Traditional memory technologies face limitations in terms of speed, scalability, and power consumption, making them unsuitable for future data-intensive applications. Ferroelectric memory has garnered immense interest in recent years due to its potential for non-volatile storage, enabling data retention even when the power is turned off. The development of two-dimensional (2D) van der Waals material α-In2Se3 has also opened new opportunities for advancing memory technologies.
Interestingly, ferroelectric memory takes a giant step forward by incorporating the remarkable properties of α-In2Se3. It is renowned for high carrier mobility, tunable bandgap, and strong ferroelectric properties at the atomic level, making it ideal for high-speed memory applications.
However, the scope of research is limited by the lack of lateral α-In2Se3 devices that demonstrate in-plane (IP) polarization-controlled electrical characteristics. When fabricating bottom-contact ferroelectric field-effect transistors by 2D material exfoliation, wide electrode width is preferred to improve the overall yield.
However, achieving nanoscale channel lengths for the nanogap electrodes becomes challenging when simultaneously employing wide electrode widths, mainly due to the substantial ratio between the electrode width and channel length.
Recently, a team of researchers led by Professor Yutaka Majima from Tokyo Institute of Technology (Tokyo Tech) proposed a new concept of bottom contact structure at the nano level to solve this problem. They have designed a ferroelectric semiconductor memory device with a two-terminal nanogap-structured bottom contact by leveraging the IP polarization flipping of α-In2Se3. Their work is published in Advanced Science.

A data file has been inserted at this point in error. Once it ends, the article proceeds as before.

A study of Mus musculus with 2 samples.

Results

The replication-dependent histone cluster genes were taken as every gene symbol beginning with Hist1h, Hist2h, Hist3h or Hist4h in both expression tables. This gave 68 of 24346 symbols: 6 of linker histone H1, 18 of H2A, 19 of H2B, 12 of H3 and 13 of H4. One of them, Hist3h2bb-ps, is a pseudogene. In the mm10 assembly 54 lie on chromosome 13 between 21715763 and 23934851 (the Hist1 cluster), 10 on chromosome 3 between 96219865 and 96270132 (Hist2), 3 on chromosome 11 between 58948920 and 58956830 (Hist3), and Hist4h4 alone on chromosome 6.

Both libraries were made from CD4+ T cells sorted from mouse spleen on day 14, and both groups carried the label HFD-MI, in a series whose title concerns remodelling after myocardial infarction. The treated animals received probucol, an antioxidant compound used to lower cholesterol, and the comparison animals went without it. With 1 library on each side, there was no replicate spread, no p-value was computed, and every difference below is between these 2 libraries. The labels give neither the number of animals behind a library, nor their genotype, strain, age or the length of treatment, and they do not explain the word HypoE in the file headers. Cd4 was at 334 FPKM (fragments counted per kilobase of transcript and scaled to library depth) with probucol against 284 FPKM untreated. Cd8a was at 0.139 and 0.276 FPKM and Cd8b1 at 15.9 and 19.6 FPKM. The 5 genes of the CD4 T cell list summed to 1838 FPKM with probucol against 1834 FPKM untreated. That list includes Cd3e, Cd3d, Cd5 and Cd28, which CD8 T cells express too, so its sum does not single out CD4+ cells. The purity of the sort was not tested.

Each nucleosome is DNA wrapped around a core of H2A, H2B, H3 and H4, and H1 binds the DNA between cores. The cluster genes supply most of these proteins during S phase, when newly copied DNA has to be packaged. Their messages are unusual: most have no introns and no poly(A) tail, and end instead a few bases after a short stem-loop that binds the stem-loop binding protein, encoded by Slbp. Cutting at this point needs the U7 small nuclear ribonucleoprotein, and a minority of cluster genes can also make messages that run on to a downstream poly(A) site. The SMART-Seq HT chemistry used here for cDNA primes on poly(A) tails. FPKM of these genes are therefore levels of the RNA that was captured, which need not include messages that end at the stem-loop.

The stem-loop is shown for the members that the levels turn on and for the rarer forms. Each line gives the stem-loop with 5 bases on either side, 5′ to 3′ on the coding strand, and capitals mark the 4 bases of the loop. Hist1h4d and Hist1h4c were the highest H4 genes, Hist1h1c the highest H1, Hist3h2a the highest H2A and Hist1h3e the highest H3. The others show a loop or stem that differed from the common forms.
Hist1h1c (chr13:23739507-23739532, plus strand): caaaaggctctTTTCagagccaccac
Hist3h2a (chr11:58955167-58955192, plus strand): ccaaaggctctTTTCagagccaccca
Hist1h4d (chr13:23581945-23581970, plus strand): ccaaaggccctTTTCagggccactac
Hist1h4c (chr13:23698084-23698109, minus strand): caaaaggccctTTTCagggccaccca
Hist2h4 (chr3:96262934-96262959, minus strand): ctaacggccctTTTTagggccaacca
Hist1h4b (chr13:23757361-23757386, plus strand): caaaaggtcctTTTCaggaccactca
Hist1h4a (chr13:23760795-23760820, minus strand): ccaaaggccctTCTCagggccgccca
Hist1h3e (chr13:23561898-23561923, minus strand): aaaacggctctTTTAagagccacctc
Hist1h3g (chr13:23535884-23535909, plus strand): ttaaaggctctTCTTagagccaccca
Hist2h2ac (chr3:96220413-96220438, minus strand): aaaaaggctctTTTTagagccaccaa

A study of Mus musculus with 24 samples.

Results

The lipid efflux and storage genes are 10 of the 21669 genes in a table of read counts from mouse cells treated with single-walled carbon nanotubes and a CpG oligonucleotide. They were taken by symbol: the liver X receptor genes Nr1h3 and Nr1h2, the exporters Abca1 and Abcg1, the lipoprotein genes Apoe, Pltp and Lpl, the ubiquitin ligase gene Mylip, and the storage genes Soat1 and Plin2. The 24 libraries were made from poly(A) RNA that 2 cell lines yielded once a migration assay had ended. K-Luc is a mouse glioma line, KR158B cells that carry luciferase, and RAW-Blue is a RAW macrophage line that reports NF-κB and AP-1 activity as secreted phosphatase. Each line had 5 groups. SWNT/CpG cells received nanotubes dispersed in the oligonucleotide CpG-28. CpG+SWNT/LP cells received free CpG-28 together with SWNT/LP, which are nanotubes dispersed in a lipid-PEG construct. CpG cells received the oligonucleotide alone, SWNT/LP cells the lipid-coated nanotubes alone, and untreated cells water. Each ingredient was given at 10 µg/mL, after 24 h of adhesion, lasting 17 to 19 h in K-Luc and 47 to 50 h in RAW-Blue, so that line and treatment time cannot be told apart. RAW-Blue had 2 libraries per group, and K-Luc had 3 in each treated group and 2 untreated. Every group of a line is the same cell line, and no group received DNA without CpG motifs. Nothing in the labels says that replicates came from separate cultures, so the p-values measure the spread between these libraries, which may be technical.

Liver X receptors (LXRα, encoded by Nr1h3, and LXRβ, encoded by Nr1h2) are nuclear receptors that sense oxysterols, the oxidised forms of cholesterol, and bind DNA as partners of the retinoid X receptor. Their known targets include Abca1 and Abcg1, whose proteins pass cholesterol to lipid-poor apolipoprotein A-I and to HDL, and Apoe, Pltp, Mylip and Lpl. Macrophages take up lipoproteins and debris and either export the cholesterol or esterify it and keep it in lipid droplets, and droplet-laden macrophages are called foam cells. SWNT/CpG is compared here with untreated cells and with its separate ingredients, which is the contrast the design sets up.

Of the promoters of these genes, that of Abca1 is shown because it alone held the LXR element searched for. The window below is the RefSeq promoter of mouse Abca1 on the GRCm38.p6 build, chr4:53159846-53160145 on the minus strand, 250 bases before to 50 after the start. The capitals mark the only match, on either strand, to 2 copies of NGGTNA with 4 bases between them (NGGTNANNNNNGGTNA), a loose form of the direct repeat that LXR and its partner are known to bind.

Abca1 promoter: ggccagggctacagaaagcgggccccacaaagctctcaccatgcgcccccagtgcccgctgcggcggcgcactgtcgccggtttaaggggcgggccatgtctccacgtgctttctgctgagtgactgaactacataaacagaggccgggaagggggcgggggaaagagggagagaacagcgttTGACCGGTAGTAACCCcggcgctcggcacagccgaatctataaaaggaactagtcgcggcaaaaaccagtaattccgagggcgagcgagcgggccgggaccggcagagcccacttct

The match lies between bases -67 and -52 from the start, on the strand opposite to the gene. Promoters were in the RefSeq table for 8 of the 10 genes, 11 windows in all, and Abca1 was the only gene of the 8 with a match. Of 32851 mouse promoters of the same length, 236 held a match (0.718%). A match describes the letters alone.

Distinct from previous devices, α-In2Se3 is exfoliated on electrodes as the bottom contact in the present design. The IP polarization can be reversed by applying a drain voltage via a channel with a relatively narrow length of 100 nm. This lateral channel design allows for higher memory density, enabling the integration of many memory cells on a single chip.
Furthermore, the lateral memory configuration employed in the proposed technology enables seamless integration with existing semiconductor device fabrication techniques, facilitating a smooth transition from current memory technologies to non-volatile ferroelectric memory.
The researchers found that the α-In2Se3 ferroelectric memory exhibits typical resistive switching, a high on/off ratio of over 103, a large memory window of 13 V, good retention for 17 hours, and endurance for 1,200 cycles. This will pave the way for non-volatile ferroelectric memory. Notably, massive integration becomes promising with a bottom contact structure, considering the simplified construction of next-generation electronics.
“Our ferroelectric semiconductor memory cultivates the IP polarization α-In2Se3 from a 100 nm bottom contact design, representing a significant leap forward in memory technology,” says Prof. Majima. “We believe that this design will pave the way in which data is stored and accessed and open up exciting opportunities for various applications, including artificial intelligence, edge computing, and Internet of Things devices.”